Your obliques are important muscles in your abdomen. In today’s Guide to Your Muscles, we’ll learn about their anatomy and get some great workout tips.
Your obliques are actually two muscles: your internal oblique and your external oblique. Your internal obliques are flat sheets of muscle that can be found on either side of the lower part of your torso, originating from your lumbar fascia and your pelvis.
Your external obliques are broad and flat sheets of muscle on either side of your abs. It lies over your internal oblique, thus their respective names. The fibers of both muscles are indeed oblique relative to the midline of your body.
The obliques work together to carry out the same movements. Collectively they are the main muscles responsible for spinal rotation, and they also play significant roles in spinal lateral flexion. They also assist with your breathing: whenever you force yourself to breathe, they obligingly compress the abdominal wall.
If you have access to a cable machine, the cable woodchop is a great exercise for putting your obliques to the test. First, attach your rope to the cable tower, and then set the cable to the highest pulley position.
Now, taking both handles, kneel down and set your shoulders at a perpendicular angle to the stack. Extend your arms over the opposite shoulder, look straight ahead and then pull the rope across your body. You should finish this move at waist level.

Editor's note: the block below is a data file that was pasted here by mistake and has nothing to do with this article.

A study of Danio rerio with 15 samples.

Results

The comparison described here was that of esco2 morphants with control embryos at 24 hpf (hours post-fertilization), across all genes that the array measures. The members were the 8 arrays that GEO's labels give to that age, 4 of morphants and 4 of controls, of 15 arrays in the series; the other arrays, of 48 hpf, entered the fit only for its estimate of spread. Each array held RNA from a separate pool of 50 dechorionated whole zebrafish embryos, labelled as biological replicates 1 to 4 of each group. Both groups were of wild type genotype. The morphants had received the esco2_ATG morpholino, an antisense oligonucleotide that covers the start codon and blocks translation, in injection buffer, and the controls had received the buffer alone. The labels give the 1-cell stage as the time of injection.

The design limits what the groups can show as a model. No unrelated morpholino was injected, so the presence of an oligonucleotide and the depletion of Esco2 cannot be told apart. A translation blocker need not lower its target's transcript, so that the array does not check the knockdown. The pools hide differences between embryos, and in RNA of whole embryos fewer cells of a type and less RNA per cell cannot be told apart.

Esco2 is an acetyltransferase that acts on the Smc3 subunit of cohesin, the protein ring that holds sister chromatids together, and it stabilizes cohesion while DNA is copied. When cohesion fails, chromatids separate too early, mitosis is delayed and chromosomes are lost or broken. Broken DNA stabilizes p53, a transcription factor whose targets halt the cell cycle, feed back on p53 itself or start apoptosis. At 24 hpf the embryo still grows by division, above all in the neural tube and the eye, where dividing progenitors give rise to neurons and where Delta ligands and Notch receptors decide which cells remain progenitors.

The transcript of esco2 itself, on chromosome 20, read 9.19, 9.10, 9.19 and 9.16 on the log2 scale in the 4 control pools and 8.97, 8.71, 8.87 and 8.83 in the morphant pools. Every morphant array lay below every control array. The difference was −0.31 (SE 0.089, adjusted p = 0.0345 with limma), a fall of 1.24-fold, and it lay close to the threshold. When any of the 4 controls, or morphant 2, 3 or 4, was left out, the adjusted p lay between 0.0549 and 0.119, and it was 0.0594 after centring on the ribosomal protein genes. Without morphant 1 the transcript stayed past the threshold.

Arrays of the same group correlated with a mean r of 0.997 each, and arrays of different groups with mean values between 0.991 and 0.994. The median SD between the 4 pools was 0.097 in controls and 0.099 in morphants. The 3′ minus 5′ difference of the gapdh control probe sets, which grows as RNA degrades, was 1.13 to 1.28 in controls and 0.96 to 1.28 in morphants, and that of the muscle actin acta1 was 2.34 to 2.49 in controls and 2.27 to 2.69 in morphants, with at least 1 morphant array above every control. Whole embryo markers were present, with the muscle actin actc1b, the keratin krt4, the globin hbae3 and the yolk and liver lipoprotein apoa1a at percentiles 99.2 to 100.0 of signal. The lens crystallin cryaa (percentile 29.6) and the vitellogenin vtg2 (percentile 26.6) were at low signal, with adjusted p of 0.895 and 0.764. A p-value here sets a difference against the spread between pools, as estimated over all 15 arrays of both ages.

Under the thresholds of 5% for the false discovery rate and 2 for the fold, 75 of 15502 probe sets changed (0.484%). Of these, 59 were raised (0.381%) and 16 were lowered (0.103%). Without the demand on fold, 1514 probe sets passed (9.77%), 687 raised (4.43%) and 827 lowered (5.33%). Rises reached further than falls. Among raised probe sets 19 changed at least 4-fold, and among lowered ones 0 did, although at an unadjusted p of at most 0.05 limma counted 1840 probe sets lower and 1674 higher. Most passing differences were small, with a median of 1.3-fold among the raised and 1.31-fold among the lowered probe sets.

The dumbbell side bend is another good exercise for the obliques. Start by standing up straight, with a dumbbell in one hand and your free hand clasped on your wrist. Keep your feet at about shoulder width.
Now, bend at the waist, in the opposite direction of the hand holding the weight. Make sure you breathe in! Hold the position for a second, then move back. Alternate with the other side.
Weighted oblique static holds are a great way to give your obliques a workout, with or without using weights. Begin by lying down on the floor on your side, with your back straight. Keep your arms crossed, hands touching alternate shoulders.
Now, slowly crunch your legs up off the ground, keeping them extended, and squeeze your obliques (your sides, basically) as you go. Hold the position for about 45 seconds.
This exercise can also be done with the addition of a dumbbell between your feet, once you have mastered the weightless form.
The standing oblique crunch is another great obliques exercise, one that will also warm up your legs.
Begin by standing tall, with your feet about hip width. Now, left up one leg, and try to touch it to your elbow on that side. By all means try to bring the elbow within reach, too.
Take care not to rotate back and forth as you do this. Once you have finished a set on one side, do the same thing on the other.
Whether you favor weights or bodyweight, the exercises here are a great start to getting better obliques. Stay safe and have fun!